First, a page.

Will the SEALs brotherhood see strength defined by one's actions or one's gender?
Two female West Point alumni graduated from Army Ranger school this past Friday. Now that the dust has settled a little and people are getting used to the idea that women can actually go through intense physical and mental training, I assume people will take an extended look at the accomplishments of First Lt. Shaye Haver and Capt. Kristen Griest.
Simply put, these women are my heroes. But on a more in-depth note on the topic of women serving in units that were only once offered to men, I wonder what the commentary is within ranks. I served for five and half years on a Naval destroyer and there was that constant drone in the background that my physical standards were always lower than my male counterparts. The reasoning behind this was because women couldn’t physically do it, science gave proof. Our upper body is not stronger than men – at least, that’s what we were told. The funny thing is though, when I worked along all these men, I did the same work they did. There was no difference. There were days when I did a good job and other days when I failed as an electrician.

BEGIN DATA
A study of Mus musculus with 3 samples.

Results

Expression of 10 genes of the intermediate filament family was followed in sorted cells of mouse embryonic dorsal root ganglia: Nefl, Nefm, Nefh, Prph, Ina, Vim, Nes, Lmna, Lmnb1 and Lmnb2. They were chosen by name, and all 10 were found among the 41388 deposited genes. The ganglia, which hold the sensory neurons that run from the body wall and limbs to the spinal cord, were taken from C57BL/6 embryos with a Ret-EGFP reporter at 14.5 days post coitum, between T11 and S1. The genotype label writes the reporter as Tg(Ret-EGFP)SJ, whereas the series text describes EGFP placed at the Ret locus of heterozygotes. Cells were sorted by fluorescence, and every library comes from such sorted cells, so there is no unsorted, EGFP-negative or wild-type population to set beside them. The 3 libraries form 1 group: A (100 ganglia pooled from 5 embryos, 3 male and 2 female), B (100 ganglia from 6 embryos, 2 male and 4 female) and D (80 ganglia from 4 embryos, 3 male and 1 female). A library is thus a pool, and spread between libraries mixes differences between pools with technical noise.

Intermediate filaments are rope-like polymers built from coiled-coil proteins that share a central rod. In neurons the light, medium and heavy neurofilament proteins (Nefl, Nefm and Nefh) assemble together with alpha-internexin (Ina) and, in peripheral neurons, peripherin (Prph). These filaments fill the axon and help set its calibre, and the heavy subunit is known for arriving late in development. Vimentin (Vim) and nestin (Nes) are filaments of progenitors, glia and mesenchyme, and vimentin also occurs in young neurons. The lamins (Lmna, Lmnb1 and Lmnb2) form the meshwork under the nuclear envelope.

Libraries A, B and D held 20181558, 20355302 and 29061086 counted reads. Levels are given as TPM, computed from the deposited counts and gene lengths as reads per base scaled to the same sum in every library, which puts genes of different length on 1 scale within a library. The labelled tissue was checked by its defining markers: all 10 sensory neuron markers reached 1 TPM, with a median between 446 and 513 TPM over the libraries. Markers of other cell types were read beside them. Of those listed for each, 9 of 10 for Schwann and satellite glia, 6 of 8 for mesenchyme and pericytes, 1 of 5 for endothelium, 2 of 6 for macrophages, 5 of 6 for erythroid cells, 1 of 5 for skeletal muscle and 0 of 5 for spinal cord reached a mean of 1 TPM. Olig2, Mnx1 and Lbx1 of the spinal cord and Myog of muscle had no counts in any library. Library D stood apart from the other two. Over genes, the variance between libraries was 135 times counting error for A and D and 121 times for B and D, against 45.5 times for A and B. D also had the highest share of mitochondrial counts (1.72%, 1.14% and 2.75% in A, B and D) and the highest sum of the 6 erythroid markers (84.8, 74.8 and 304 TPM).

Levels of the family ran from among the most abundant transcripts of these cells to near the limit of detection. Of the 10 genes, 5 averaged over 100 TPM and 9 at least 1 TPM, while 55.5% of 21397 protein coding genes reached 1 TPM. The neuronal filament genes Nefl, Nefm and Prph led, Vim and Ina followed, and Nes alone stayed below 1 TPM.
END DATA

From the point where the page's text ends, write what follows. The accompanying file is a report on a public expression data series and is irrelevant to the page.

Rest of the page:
Now, the Navy is talking about opening up the legendary SEAL brotherhood to women. In an article in the Navy Times, they say that final approval is still pending and the timeline is unclear of when it will actually happen, but Adm. Jon Greenert Rear Adm. Brian Losey believe that if standards are met the doors should open for women to join the SEALs.
Navy leaders will be hard pressed to say no to women that do want to try out for the SEALS after First Lt. Haver and Capt. Griest paved the way for just the opportunity to choose to be part of the team. The point that these two women made with their success is not that women can do it; it is simply that they did it. They went through the course with the others and passed. It’s not because they are women that they did it, but because they had the drive and determination to get the job done. As individuals, as team members throughout their journey, they accomplished a goal they set out to do.
I’m excited to hear that the SEALs will be opening up and accepting their female counterparts. I hope that they see the strengths of the individual and not just the stereotype of females. One of the greatest things I learned while serving is teamwork. A team succeeds because they work together through their strengths and weaknesses, not because they are male or female, but because sailor Bob and sailor Susy had specific assets that helped them be successful. Whatever the buzz is out there among those that are still in, I hope it’s support for these teammates and for the future teams that will be built through their personal strengths.